India lets out Kashmir separatist leader from house arrest

Mirwaiz Umar Farooq was taken into custody in 2019, after India revoked Kashmir's autonomous status. Farooq gave a speech at a mosque following his release, where he said he aims for peace in Kashmir.

After his release, Mirwaiz Umar Farooq delivered a speech at a mosque, expressing his commitment to achieving peace in Kashmir. (photo: DW)
After his release, Mirwaiz Umar Farooq delivered a speech at a mosque, expressing his commitment to achieving peace in Kashmir. (photo: DW)


India let Kashmir separatist Mirwaiz Umar Farooq walk free on Friday, 22 September, after he served a four-year house arrest term.

Farooq was then granted permission to give a sermon and guide Friday prayers at the Jamia Masjid in Srinagar, which serves as the summer capital of the Jammu and Kashmir region.

What did Farooq say after this release?

"All my rights and liberties were curtailed... we are not so-called separatists or peace-disrupters but realist resolution-seekers," 50-year-old Farooq told thousands of worshippers at the mosque.

Farooq's residence, located just down the street of the Jamia Masjid, is where he spent his house arrest sentence. Farooq was detained by Indian authorities in 2019, a day before Delhi revoked Muslim-majority Kashmir's autonomous status.

"This period of my house arrest and separation from my people has been the most painful for me since my father's death," Farooq said at the mosque, while calling for the freedom of "numerous political prisoners."

"One part of Kashmir is with India and other two parts are with Pakistan and China and we believe that it will be complete after all the three parts are merged," Farooq said.

Farooq is the chairperson of the All Parties Hurriyat Conference, an alliance of secessionist parties in Kashmir which contest India's territorial claims.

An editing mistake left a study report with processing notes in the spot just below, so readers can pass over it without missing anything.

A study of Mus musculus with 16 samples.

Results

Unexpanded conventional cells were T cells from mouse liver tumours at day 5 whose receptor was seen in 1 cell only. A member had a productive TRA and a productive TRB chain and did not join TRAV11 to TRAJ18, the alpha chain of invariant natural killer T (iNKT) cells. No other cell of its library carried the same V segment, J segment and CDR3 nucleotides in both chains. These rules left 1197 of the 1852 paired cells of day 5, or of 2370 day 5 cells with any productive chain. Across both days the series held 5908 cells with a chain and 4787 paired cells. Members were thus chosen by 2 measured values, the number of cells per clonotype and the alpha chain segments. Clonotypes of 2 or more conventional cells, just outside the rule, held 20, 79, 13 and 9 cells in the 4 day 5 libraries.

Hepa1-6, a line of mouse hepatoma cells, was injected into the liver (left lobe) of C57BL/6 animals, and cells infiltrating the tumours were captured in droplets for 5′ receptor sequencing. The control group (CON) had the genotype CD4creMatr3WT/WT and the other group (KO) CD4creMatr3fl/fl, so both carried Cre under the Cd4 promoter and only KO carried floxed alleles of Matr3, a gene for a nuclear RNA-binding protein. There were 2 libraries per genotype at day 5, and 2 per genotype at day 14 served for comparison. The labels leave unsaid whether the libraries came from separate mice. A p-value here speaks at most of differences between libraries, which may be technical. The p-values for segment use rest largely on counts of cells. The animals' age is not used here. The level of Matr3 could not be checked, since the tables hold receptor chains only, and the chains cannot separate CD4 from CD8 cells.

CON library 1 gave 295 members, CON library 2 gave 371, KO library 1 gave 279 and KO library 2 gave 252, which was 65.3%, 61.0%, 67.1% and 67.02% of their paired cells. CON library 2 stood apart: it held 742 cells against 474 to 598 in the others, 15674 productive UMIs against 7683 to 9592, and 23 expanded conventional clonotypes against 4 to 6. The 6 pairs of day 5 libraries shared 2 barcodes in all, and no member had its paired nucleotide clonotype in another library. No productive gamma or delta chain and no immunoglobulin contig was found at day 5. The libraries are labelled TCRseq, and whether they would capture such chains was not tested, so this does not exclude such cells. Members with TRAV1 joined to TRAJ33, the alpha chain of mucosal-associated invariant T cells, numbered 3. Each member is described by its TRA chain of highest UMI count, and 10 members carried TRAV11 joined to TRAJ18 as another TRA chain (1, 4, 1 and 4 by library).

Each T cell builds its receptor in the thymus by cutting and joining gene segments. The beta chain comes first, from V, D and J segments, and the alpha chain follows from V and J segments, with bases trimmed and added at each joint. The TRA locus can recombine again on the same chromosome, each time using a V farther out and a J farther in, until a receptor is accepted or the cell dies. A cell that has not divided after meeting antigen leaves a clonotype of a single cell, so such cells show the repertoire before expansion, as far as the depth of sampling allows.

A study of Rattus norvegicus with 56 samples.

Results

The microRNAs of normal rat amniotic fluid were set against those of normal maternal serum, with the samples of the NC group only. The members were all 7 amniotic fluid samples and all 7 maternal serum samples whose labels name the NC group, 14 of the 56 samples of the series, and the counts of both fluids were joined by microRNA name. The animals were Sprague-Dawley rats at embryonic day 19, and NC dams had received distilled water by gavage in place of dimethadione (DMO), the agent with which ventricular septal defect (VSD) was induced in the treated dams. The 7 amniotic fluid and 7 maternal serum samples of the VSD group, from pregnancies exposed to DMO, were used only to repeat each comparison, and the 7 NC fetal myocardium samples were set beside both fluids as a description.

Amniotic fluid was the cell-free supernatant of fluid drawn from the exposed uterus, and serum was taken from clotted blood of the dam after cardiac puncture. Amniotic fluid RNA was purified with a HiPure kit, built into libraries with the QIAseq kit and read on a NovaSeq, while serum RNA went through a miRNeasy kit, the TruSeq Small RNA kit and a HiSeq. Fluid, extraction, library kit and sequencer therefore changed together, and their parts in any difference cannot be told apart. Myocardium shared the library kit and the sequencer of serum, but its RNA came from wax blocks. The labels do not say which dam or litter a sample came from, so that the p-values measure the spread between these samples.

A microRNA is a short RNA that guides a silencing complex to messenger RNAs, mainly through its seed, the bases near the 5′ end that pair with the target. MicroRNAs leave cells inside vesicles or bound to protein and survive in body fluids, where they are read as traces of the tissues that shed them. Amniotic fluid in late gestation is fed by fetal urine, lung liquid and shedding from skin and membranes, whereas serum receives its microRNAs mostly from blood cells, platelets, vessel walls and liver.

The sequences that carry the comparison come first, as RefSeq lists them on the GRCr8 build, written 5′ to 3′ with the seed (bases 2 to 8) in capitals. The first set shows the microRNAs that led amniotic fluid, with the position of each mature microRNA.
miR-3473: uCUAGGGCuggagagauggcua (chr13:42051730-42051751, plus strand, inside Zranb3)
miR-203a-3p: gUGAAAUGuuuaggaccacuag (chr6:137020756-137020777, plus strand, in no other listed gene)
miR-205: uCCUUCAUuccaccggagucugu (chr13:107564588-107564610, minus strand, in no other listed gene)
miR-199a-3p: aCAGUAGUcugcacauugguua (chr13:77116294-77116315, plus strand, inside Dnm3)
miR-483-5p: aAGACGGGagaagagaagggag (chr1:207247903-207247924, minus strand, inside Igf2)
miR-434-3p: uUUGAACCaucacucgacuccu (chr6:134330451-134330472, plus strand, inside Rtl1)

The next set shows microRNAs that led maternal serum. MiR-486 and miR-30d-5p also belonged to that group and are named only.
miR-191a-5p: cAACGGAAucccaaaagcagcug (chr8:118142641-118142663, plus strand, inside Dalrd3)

Both India and Pakistan control parts of the Himalayan region of Kashmir, making the area a source of conflict between the two rival countries. China controls the remainder of the region. Since the partition of India in 1947, the South Asian neighbors have been involved in two wars over the territory.

Since 1989, Kashmir has also witnessed a militant insurgency, which has claimed tens of thousands of lives. India has said Pakistan is backing insurgent groups, a claim which Islamabad rejects.

Farooq, a religious leader at Jamia Masjid since he was 17, believes the Hindu nationalist government under Indian Prime Minister Narendra Modi has been too forceful in its policies towards Kashmir.

Farooq on Friday, 22 September railed against Modi, labeling constitutional amendments by Modi's Hindu nationalist administration "unacceptable."

Modi "said about Ukraine that this is not the time for war. He is right," Farooq continued. "Disputes and disagreements should be resolved by talks rather than using power or unilateralism."

Why did India revoke Kashmir's autonomy?

Modi's decision in August 2019 to abrogate Article 370 of the Kashmir Constitution divided the state into two Indian-governed union territories of Jammu and Kashmir, and Ladakh. By revoking Article 370, it opened the door to allowing Indians from other parts of the country to buy territory in the state.

Modi at the time said that by revoking Article 370 "we will be able to free Jammu and Kashmir from terrorism and separatism under this system." Modi said the move would promote development in the region and put it on equal footing with the rest of India.

In the aftermath of Article 370's revocation, the Indian government clamped down on Kashmir, imposing a curfew, blacking out telecommunications and engaging in a wave of mass arrests against opponents of the decision. India also barred foreign journalists and politicians from the territory.

Last month, India's Supreme Court began hearing challenges to the suspension of Kashmir's autonomous status, although they are considered unlikely to succeed. A ruling is expected in either November or December.

Pakistan has denounced India's decision to abrogate Article 370, calling it an attempt to change the religious demography of Kashmir. Pakistan's prime minister at the time, Imran Khan, called on the US and other players in the international community to intervene on the issue.